If your cat was just diagnosed with diabetes mellitus (DM), don’t despair. In this two-part blog, I’ll explain all you need to know about diabetes in cats.
As an emergency critical care veterinarian, I see a lot of diabetes in cats. That’s because an estimated 1 in every 200 cats is thought to be affected by this endocrine disease (likely due to the growing prevalence of obesity). (1)(2)
So, what does it mean if your cat was recently diagnosed with diabetes? With DM, the body doesn’t produce enough insulin from the pancreas. Insulin is the hormone necessary to push sugar (“glucose”) into the cells of the body to be utilized. Without insulin, the body (and all the cells) are starving for sugar, as the sugar can’t get into the cells. The body is stimulated to produce more and more glucose in an attempt to feed the cells, leading to a hyperglycemia (or elevated blood sugar). This ends up resulting in a lot of the clinical symptoms of diabetes, and ultimately can be fatal without treatment.
Two types of diabetes in cats
Veterinary medicine sees two types of diabetes mellitus.
Type I DM
Type I DM, which is most commonly seen in dogs, occurs when the body fails to produce insulin (a hormone that is normally produced in the pancreas and that regulates blood sugar). This type requires life-long insulin therapy delivered via a syringe twice per day.
Type II DM
Type II DM, which is most commonly seen in cats, occurs when the body produces some insulin but in inadequate amounts (that’s why you need to give more insulin with a syringe). Likewise, Type II DM occurs when something is interfering with the body’s ability to use insulin (for example, due to insulin-resistance from obesity). With Type II DM, diabetes can be transient (e.g., months), and may not require life-long insulin therapy. The more aggressive you try to treat your cat’s insulin (in conjunction with weight loss, follow-up with your veterinarian, blood sugar monitoring, etc.), the better the likelihood that your cat’s diabetes could potentially go away (what we call “going into remission”).
The excess sugar that is produced by the body results in the clinical signs seen with DM. Untreated—or unregulated, meaning the blood sugar isn’t controlled well—this results in electrolyte abnormalities, fatty changes to the liver, cataracts in the eyes (mostly in dogs), peripheral neuropathy (abnormalities in the nerves, making cats walk “down in their hocks”), and a predisposition to urinary tract infections.
Which cats are at risk?
We most frequently see DM (meaning it is over-represented) in the Siamese, male cats, and older cats—typically 8-13 years of age.
Symptoms of diabetes in cats
Make sure you recognize the early signs of diabetes mellitus. This is important because the sooner we recognize the signs, the sooner we can identify and treat diabetes, and the less expensive and dangerous it will be for your cat!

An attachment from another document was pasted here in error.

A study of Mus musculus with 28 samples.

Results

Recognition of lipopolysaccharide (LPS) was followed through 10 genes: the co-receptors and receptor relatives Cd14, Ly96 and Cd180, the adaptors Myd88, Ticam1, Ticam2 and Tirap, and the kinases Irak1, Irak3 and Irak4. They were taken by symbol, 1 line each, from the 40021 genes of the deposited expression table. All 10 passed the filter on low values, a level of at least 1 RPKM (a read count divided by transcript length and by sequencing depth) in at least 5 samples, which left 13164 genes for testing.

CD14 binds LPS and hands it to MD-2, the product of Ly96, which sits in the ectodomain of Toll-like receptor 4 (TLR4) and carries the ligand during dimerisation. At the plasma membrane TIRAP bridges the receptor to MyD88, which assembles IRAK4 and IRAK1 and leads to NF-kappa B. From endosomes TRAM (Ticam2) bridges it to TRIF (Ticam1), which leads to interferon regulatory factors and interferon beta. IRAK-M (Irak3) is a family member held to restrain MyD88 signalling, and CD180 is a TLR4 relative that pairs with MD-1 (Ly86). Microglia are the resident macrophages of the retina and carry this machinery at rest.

- Excessive thirst (or filling the water bowl more often)
- Drinking out of unusual places (such as the bathroom sink or toilet)
- Excessive urination (clumps in the litter box bigger than your clenched fist!)
- Poor skin condition (like excessive dandruff or an oily hair coat)
- Inappropriate urination
- Dilute urine
- Weight loss (most commonly over the back), despite an overweight body condition
- Increased hunger
- Obesity but still feeling “boney” and muscle-wasted
- Walking “down in the hocks” (what we vets called plantigrade with a very flat angle to the back legs)
- Sweet “acetone” breath when in diabetic crisis
How do we diagnose diabetes in cats?
The diagnosis of diabetes mellitus is based on physical examination findings and blood work changes commonly seen with the disease.
Recommended tests include:
- A complete blood count (CBC) to look at the red blood cell count (looking for dehydration or anemia) and white blood cell count (looking for underlying infection)
- A chemistry panel to evaluate how high (or low) the blood glucose is and look at the kidneys, liver, electrolytes, protein, and other bodily functions. Normal blood glucose in a cat ranges from approximately 80-150 mg/dL, but when cats are stressed (by going for a car ride, seeing the cat carrier, etc.), they get a temporary increase in their blood sugar (called a “stress hyperglycemia”). This means their blood sugar can spike up to 200 or even 300 mg/dL in severe cases! Persistent, repeated elevations in the blood sugar are consistent with diabetes mellitus in cats
- A urinalysis (UA) to look for the presence of sugar spilling over into the kidneys and bladder, supportive of DM. Normally, there shouldn’t be any sugar in the urine
- A urine culture to rule out a urinary tract infection
- A serum fructosamine blood level, which looks at the effect of blood sugar on the body’s protein levels and gives us a general idea of how well the blood sugar is regulated
- X-rays of the chest and abdomen to rule out underlying medical problems like cancer, pneumonia, bladder stones, etc.
- An ultrasound of the abdomen to look at the architecture of the organs (like the pancreas), to rule out metabolic problems, fatty changes to the liver, cancer, etc.
In next month’s blog, I’ll talk about how we treat and prevent diabetes in cats.
Is your cat diabetic? What signs did you notice and how is your cat responding to therapy?
- Greco D. Diabetes mellitus without complication – Cats. In Blackwell’s Five-Minute Veterinary Consult: Canine & Feline. Eds. Tilley LP, Smith FWK. 2007, 4th ed. Blackwell Publishing, Ames, Iowa. pp. 374-375.
- Webb C. Diabetes mellitus without complication – Dogs. In Blackwell’s Five-Minute Veterinary Consult: Canine & Feline. Eds. Tilley LP, Smith FWK. 2007, 4th ed. Blackwell Publishing, Ames, Iowa. pp. 376-377.